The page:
It would be nice if AdBlock was a little more upfront and candid about how their white listing and "pay for exception" policy works. They didn't go out of their way to call attention to it.
When a product calls itself "AdBlock," naive little fools like me tend to assume (at least at first) that that
what it does. And that it does it globally
. When it doesn't - or the publisher switches horses in the middle of the stream - I think it's incumbent on them be more upfront and public about their policy change, "lest disappointment ensue" as a badly translated set of instructions once said.
Perhaps it's because I have a big problem with the whole "monetization" concept itself that I get so irritable about things like what AdBlock is doing. I think it far more honest and dignified that somebody who wants to make money from their works simply put them up for sale to the people who are using them - as opposed to putting in some sneaky semi-hidden revenue stream while hoping that most people won't notice or care about it.
But that's probably just me.
Note: another popular blocking product called Ghostery
now also has a hidden revenue stream. Ghostery was bought by Evidon in 2010. MIT's Technology Review covered that debate in an article that can be read here
From the MIT article:
That makes Evidon, which bought Ghostery in 2010, something of an anomaly in the complex world of online advertising. Whether in Congress or at the Web standards body W3C, debates over online privacy typically end up with the ad industry and privacy advocates facing off along clearly demarcated lines (see “High Stakes in Internet Tracking”).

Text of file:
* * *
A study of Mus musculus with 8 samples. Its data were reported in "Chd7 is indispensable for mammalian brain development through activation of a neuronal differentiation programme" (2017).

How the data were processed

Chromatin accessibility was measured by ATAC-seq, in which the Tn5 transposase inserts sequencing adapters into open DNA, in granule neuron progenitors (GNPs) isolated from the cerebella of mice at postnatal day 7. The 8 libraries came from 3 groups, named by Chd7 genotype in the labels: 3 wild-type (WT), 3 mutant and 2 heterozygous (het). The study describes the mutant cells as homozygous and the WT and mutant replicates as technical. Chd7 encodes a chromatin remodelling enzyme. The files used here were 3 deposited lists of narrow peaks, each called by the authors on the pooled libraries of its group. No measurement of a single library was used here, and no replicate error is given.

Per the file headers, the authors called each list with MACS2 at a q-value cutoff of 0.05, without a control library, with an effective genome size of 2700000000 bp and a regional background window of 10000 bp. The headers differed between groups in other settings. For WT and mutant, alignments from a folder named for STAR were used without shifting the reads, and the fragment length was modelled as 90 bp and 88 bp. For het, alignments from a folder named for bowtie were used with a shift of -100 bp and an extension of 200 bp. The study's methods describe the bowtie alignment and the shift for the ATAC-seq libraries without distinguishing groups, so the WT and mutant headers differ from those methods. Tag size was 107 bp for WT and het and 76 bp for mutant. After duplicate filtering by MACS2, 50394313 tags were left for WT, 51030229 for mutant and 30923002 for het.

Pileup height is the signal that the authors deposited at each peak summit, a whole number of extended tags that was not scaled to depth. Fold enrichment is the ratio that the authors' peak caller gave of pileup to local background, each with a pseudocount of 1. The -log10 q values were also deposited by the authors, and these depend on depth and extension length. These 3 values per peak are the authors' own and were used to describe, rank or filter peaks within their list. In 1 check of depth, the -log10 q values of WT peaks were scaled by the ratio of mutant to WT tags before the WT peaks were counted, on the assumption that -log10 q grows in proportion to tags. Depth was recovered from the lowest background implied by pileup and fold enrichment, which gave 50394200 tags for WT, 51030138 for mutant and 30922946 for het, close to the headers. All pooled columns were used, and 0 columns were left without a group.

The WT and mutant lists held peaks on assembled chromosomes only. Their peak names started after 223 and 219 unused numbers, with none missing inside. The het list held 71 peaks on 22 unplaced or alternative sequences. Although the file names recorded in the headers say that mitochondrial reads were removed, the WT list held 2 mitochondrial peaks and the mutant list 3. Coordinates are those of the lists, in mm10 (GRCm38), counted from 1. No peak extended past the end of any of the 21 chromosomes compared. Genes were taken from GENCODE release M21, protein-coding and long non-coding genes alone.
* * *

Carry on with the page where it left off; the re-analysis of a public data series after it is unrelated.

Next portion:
Evidon straddles both sides of that debate. “This is not a scheme,” says Scott Meyer, Evidon’s cofounder and CEO and formerly a senior figure in the New York Times Company’s online operations, when asked about that dual role. He says there is no conflict in offering a tool that helps users hide from the ad industry while also helping that same industry.
“Anything that gives people more transparency and control is good for the industry,” says Meyer, who says it’s fine with him that most Ghostery users opt not to share data with Evidon. Meyer points out that those who want to block online advertising are unlikely to respond to it, making Ghostery use good for both sides. Meyer also says that Ghostery users are presented with clear disclosures about how the company uses their data if they opt in. However, MIT Technology Review found that it was possible for a user to opt in without seeing the disclosures.
Which is another problem with monetization
. It can be implemented at any time with scant notice, whether by the original developer (often), or by some company acquiring the product (always).
As time goes on, the truth in the saying "if you're not the customer - you're the product
" becomes more and more inescapable when it comes to closed-source software.